Male menopause? It certainly is possible
Q. My husband told me he has no energy to do chores around the house because he's suffering from male menopause. He's a very funny guy.
Your husband was obviously trying to yank your chain, but there's some truth in his joking. Fatigue is a common symptom of male menopause, also known as andropause (andro means male).
Both andropause and male menopause are used to describe decreasing levels of the male hormone testosterone that come with aging. Most men see testosterone levels drop as they get older. Some have described andropause as puberty in reverse.
Age-related decline in testosterone levels is also called testosterone deficiency, androgen decline in the aging male (ADAM) or late onset hypogonadism (LOH).
Andropause is different from the menopause women experience. In menopause, the production of female hormone drops suddenly. In men, there's a gradual decline in hormone levels.
When men reach about 40, testosterone levels usually begin to drop about one percent a year. The reduction is rarely noticeable in men younger than 60. By the time men reach their 80s, about half have low testosterone.
Young men often have testosterone levels exceeding 1000 nanograms per deciliter (ng/dl). The average testosterone level in 80-year-old men is 200 ng/dl.
Some men maintain normal testosterone levels into old age. And there are men with low testosterone levels who have no symptoms. The only sure way to learn if you are low on testosterone is by taking a blood test.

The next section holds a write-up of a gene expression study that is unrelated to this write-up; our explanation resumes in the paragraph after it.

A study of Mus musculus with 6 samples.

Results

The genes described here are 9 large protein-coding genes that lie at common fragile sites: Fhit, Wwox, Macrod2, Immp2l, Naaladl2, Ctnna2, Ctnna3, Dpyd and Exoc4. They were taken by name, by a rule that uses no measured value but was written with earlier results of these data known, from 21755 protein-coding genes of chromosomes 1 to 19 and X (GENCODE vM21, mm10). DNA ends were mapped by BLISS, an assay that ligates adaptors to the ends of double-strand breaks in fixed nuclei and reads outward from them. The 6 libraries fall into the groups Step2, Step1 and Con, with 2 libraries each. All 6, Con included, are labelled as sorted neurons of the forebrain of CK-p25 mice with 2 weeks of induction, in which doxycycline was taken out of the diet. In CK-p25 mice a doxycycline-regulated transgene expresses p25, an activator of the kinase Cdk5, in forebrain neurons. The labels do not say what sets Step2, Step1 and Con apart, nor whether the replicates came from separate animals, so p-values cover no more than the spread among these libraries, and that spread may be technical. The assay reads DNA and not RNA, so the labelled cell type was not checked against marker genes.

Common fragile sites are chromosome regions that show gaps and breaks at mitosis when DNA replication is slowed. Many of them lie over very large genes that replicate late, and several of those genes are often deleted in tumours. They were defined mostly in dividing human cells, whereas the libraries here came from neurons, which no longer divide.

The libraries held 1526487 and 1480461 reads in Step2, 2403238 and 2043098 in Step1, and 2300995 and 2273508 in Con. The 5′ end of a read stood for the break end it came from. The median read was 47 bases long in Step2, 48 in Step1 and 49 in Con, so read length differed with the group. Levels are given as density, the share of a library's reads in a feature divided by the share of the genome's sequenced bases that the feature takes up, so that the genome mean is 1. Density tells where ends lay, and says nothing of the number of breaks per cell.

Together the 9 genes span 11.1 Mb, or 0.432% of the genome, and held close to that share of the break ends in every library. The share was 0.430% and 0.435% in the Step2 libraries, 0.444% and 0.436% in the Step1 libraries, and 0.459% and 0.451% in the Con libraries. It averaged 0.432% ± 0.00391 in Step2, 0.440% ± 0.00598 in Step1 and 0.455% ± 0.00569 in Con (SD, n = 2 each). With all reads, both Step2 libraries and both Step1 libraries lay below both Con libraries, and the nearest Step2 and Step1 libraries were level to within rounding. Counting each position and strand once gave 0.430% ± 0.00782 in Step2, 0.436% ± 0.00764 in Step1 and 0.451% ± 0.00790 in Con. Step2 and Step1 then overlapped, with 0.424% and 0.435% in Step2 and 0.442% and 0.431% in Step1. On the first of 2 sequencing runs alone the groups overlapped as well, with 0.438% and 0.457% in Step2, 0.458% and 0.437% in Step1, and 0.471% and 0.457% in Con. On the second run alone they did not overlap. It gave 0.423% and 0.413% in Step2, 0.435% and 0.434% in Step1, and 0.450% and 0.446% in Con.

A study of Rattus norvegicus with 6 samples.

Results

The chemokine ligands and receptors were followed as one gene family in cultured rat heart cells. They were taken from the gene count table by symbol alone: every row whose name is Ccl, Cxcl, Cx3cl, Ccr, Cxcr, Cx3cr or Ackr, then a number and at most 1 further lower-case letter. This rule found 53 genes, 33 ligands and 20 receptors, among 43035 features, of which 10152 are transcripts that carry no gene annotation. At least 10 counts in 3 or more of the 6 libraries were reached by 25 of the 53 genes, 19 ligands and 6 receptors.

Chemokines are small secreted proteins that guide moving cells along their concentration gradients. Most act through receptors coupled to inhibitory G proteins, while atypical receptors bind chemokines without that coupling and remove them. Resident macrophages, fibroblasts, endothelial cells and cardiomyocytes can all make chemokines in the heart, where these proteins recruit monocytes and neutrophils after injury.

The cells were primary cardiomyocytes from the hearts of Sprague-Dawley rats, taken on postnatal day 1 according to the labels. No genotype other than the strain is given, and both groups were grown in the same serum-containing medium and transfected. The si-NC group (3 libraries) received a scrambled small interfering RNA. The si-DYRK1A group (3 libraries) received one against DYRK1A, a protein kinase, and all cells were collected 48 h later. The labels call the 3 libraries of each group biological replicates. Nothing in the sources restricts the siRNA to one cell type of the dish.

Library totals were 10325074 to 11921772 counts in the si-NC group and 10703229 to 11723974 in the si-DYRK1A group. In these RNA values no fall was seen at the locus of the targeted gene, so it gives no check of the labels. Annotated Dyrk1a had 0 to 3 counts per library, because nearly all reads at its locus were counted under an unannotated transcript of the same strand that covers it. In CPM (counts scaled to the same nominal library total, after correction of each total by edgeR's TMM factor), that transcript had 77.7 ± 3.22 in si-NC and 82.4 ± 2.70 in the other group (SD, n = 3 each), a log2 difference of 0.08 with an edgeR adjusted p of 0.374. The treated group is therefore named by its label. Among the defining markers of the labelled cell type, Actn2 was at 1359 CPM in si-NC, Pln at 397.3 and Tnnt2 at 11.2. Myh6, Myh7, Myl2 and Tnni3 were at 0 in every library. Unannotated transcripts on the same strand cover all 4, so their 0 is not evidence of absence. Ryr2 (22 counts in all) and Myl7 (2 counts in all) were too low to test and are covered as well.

The following are some symptoms of low testosterone: diminished sex drive, reduced muscle bulk and strength, night sweats, infertility, fewer spontaneous erections, depression, loss of body hair, swollen breasts, palpitations, shrunken testes, height loss, fatigue, irritability, reduced self-confidence, poor concentration, memory loss, sleep problems, increased body fat and anemia.
It is normal for erections to occur less frequently in older men than in younger men. However, erectile dysfunction (ED) is usually brought on by medical or psychological causes, not simple aging. About 90 percent of ED is believed to have medical origins such as drugs taken to treat high blood pressure.
Here are some recommendations to deal with andropause:
• See your doctor for a checkup. Discuss symptoms, medications you are taking, treatment options and lifestyle changes.
• Many older men suffer from undiagnosed depression. Depression in men can be more than feeling down. Depressed men can be irritable and withdrawn. They often work too much, drink to excess and try to get thrills from taking risks. If you think you might be depressed, get help.
• Regular exercise helps physically, mentally and emotionally.
• Eat a healthy diet.
Testosterone replacement therapy (TRT) is the primary treatment for declining levels of testosterone, but it is enveloped in controversy. It has helped some men, but TRT has risks, especially for men with prostate cancer and heart disease. And, TRT may not improve symptoms. More studies need to be done to determine the safety and efficacy of TRT.
There are claims that herbal supplements can relieve symptoms. Not one of these supplements has been proven to be safe and effective for age-related low testosterone.
If you would like to read more columns, you can order a copy of "How to be a Healthy Geezer" at www.healthygeezer.com.